California producers are eligible for compensation to support direct and indirect losses to livestock populations from wolves. 

The California Department of Fish and Wildlife's Wolf Conflict Program received $3 million in the fiscal 2022 California State Legislature budget to support livestock producers bearing the expense of wild wolves. Compensation is available to mitigate livestock loss, address deterrence method expenses and alleviate the impacts of wolf presence. 

The livestock loss program provides producers with financial compensation at fair market value for confirmed or probable wolf predation losses occurring on or after Sept. 23, 2021. The loss must be confirmed by CDFW to be eligible for compensation. 

The second loss coverage — deterrence methods — provides financial compensation for associated costs that occurred using “nonlethal deterrent methods to deter wolf presence near livestock in areas of known wolf activity,” according to CDFW.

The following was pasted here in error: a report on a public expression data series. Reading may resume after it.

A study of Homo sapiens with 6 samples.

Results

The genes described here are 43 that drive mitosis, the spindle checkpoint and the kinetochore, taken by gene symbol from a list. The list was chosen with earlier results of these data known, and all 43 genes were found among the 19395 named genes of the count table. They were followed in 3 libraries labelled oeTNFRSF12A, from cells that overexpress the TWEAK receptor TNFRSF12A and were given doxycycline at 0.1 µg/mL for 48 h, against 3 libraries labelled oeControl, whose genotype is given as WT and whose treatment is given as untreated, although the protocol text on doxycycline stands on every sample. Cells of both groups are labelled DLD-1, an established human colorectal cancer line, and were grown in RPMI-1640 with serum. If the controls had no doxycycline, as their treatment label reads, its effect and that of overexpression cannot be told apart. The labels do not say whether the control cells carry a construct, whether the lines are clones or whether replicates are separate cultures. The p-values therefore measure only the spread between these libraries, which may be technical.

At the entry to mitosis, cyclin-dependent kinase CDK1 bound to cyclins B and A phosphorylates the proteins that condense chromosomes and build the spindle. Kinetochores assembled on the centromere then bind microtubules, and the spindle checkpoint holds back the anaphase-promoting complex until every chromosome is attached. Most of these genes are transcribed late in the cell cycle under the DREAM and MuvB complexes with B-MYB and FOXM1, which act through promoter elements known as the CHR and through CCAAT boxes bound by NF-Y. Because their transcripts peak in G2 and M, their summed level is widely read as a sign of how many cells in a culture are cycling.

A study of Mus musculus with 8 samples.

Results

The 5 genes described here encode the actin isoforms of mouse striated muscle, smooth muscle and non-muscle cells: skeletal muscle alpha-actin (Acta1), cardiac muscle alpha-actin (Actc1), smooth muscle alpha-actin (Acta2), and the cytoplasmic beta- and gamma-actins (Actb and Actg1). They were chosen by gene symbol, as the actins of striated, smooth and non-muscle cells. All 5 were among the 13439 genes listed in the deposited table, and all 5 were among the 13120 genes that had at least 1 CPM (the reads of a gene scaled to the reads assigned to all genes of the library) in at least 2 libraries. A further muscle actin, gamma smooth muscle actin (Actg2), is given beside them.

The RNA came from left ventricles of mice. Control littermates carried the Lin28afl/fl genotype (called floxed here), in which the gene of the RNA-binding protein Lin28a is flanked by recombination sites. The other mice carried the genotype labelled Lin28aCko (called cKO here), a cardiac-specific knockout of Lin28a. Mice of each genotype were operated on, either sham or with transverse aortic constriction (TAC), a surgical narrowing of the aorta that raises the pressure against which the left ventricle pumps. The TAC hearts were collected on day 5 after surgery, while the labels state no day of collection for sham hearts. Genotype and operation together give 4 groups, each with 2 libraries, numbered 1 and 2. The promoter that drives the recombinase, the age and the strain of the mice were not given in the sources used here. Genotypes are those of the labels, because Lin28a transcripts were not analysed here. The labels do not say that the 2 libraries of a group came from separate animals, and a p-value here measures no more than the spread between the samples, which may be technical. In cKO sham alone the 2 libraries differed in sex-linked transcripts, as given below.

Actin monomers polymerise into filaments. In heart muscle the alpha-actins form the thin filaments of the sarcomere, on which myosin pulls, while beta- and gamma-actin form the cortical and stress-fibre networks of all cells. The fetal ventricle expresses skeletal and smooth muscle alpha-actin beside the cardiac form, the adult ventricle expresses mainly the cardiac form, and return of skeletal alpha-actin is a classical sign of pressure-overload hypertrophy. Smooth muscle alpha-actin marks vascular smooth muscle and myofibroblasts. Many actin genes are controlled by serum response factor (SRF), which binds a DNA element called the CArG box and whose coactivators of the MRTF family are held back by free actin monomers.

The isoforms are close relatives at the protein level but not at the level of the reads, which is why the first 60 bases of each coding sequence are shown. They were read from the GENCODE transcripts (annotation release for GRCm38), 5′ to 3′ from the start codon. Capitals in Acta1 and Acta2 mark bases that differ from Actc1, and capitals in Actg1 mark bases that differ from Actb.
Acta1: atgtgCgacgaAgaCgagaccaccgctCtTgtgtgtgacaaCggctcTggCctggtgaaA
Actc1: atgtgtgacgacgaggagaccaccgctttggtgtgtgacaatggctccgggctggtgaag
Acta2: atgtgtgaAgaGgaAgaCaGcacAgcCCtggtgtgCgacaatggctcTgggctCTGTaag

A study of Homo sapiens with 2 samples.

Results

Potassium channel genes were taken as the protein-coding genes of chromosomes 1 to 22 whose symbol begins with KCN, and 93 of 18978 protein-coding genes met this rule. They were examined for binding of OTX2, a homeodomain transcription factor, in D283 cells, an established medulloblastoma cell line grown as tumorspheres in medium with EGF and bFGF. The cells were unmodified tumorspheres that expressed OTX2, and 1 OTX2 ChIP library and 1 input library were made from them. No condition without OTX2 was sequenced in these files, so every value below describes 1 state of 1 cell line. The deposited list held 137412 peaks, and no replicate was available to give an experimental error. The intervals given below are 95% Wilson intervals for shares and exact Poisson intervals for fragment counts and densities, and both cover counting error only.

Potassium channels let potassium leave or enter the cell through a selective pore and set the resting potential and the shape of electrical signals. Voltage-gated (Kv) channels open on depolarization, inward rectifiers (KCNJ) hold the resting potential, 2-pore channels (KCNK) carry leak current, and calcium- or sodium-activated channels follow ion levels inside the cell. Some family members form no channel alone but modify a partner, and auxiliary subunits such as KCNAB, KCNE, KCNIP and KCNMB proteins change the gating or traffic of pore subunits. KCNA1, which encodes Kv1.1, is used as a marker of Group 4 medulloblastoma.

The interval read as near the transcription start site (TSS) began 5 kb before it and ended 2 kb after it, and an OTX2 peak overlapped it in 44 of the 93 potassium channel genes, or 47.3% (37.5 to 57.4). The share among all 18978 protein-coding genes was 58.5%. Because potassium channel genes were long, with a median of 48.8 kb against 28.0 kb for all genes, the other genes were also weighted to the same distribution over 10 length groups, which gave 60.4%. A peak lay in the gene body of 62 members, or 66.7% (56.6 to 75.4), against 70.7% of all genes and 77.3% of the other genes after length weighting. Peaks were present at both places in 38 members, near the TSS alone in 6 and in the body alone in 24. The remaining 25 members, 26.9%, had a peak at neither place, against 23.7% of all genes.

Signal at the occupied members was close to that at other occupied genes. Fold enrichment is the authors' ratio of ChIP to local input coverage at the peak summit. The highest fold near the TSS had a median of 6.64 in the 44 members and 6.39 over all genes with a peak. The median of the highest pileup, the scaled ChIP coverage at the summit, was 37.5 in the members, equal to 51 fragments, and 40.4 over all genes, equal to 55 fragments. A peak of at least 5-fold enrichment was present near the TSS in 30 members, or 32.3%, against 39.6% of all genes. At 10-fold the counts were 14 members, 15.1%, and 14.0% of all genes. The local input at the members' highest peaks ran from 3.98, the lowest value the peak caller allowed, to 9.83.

For example, deterrence method compensation could provide funding to cover the cost of a guard dog, as well as cost reimbursement to replace the dog.

Additional compensation will pay producers for the impacts of wolf presence on livestock. Time and labor spent monitoring wolves and livestock, herd management, husbandry practices and removing wolf attractants are also allowable actions for payment. 


As of two weeks ago, a total compensation request of $437,851.70 through 32 application packages had been processed and approved, according to Vicky Monroe, conflict programs coordinator for the California Department of Fish and Wildlife. 

WCP funding will remain available until June 20, 2026, or when funds run out.

Wolves were driven out of California in the late 1800s and early 1900s by the settling of the west. Since the species' reintroduction about 12 years ago, three packs — the Lassen, Beckwourth and Whaleback — have been identified in the state.